Pulled Over For A Busted Tail Light But Ultimately Arrested On Myrtle Beach DUI Charges?
If a police officer sees you have a busted taillight, are speeding, changing lanes without a signal or swerving all over the roadways, he has reasonable suspicion to stop you; reasonable suspicion is required by law in order to make a valid stop.
Often times, a stop turns into an arrest. For example, the officer approaches your vehicle, asks for your license and registration and runs your record. Although he did not pull you over on suspicion of driving under the influence, he may arrest you for DUI citing the fact that he smelled alcohol on your breath. Although he may use this fact to arrest you, that does not mean he made a valid arrest. In People v. Roybal, the Court held that odor alone did not constitute probable cause for arrest for driving under the influence. The law requires probable cause in order to make a valid arrest.
As you can see from the above example, analyzing probable cause is critical to a Myrtle Beach DUI case. Without probable cause, there is no case for a valid arrest. Probable cause is required before a police officer may conduct field sobriety tests. Field sobriety tests constitute a search and there must be probable cause that the motorist is under the influence to conduct them. For example, in the case of State v. Batty, the Court held there was no evidence that Defendant exhibited any signs of impairment such as loss of balance, slurred speech, or watery, bloodshot or glassy eyes. The only evidence in this case was the presence of odor of an alcoholic beverage on the breath of the Defendant, her sudden right hand turn at 4:00am and allegedly following too close. The Court ultimately ruled that there was a lack of driving manifestations as well as the lack of personal manifestations so that the officer did not have probable cause to believe the Defendant was under the influence.
Aside from probable cause, there are other factors that may determine the fate of your Myrtle Beach DUI case. For example, an officer may come to your home based on a tip from a reliable source that you were drinking and driving and ask whether you have been driving. In this situation, no arrest may be made at a person’s home without a warrant. A person’s home is protected by the 4th amendment of the Constitution. The Court ruled in Krause v. Commissioner of Public Safety that exigent circumstances did not exist for officers to enter Defendant’s home, pull him out of bed, and arrest him without a warrant upon officer’s suspicion that Defendant had earlier been driving under the influence.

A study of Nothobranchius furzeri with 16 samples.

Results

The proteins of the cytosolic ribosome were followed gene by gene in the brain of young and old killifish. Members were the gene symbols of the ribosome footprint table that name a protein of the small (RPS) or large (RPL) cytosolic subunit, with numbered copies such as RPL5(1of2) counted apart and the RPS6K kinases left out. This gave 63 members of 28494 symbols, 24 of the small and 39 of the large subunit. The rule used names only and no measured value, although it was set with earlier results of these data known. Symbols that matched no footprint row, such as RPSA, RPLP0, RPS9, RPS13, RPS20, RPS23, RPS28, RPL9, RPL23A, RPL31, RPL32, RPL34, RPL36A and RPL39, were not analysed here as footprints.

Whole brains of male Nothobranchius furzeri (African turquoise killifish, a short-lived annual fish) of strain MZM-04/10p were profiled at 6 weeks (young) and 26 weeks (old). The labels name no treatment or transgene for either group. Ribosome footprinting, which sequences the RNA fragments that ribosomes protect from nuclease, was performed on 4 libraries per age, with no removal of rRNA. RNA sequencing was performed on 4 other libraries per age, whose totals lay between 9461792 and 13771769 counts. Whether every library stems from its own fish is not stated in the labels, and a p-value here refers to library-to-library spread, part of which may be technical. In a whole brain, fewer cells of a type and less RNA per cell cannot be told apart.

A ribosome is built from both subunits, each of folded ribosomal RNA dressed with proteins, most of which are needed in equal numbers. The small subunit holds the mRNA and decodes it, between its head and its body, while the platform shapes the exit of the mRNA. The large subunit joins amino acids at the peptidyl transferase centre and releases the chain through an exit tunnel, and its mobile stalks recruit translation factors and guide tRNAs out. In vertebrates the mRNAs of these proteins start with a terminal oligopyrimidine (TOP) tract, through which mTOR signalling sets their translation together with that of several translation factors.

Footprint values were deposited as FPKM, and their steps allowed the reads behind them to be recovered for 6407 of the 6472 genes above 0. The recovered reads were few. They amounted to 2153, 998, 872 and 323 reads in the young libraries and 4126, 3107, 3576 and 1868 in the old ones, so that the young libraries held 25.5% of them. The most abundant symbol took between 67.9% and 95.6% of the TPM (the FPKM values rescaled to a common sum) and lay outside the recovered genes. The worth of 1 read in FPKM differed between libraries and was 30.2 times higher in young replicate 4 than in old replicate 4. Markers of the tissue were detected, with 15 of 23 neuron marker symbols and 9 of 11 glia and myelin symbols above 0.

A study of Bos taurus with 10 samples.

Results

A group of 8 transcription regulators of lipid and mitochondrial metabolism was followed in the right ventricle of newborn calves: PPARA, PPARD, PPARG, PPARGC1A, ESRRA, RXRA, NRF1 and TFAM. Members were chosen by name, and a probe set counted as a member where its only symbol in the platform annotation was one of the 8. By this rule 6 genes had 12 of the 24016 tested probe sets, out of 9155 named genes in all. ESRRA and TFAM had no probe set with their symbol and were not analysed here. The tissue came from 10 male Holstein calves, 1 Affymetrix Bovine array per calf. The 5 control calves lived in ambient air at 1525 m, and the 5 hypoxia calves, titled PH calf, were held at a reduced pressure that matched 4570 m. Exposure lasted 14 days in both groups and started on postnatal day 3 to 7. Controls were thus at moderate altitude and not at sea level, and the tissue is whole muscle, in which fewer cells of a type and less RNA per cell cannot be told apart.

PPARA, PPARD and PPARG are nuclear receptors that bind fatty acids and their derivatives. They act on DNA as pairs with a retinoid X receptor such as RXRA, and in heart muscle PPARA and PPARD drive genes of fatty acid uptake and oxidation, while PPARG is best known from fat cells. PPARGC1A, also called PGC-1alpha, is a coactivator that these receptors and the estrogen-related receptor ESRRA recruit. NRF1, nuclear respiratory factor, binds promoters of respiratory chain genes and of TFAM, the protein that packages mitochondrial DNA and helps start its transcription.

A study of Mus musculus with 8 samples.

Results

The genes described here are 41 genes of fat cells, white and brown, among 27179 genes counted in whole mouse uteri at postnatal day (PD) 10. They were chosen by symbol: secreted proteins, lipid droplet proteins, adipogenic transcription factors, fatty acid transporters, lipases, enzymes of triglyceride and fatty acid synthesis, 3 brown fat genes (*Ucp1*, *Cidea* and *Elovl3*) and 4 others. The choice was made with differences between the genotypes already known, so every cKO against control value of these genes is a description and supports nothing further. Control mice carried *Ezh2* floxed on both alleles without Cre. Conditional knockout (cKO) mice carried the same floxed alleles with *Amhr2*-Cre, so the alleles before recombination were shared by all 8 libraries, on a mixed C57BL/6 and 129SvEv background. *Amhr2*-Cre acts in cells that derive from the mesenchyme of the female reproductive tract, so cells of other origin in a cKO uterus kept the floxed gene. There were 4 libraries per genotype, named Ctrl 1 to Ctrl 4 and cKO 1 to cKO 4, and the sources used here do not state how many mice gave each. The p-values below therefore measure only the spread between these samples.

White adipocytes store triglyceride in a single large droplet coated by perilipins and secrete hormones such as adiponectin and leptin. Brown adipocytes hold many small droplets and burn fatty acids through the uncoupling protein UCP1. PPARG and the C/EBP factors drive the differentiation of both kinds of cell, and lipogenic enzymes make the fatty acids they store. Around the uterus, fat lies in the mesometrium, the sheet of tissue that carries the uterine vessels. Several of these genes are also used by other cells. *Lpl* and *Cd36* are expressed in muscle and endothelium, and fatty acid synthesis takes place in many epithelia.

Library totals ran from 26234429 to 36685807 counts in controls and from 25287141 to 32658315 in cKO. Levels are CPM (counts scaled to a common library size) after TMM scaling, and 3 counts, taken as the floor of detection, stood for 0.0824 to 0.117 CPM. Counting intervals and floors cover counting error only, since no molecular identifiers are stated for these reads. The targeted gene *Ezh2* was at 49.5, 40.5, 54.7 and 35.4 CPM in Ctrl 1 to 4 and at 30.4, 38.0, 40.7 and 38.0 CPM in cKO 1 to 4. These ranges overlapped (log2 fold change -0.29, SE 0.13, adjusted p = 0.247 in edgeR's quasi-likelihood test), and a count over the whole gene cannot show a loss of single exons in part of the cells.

Another factor that may determine the fate of your Myrtle Beach DUI case is involuntary intoxication; this is a defense to DUI in the state of South Carolina. However, the Defendant must prove at the time of the commission of the act constituting the offense, the Defendant, as a result of mental disease or defect, lacked the capacity to distinguish moral or legal right from moral or legal right or to recognize the particular act charged as morally or legally wrong. An example of involuntary intoxication may be the consumption of Ambien. The side effects of Ambien could have caused you to be under the influence.
The penalties for a DUI can include: fines, jail time, suspension of driver’s license and probation. Every case is different and every defense will be different. For more information on viable DUI defenses to your particular case, call The Lovely Law Firm 843-939-4111 for a free consultation.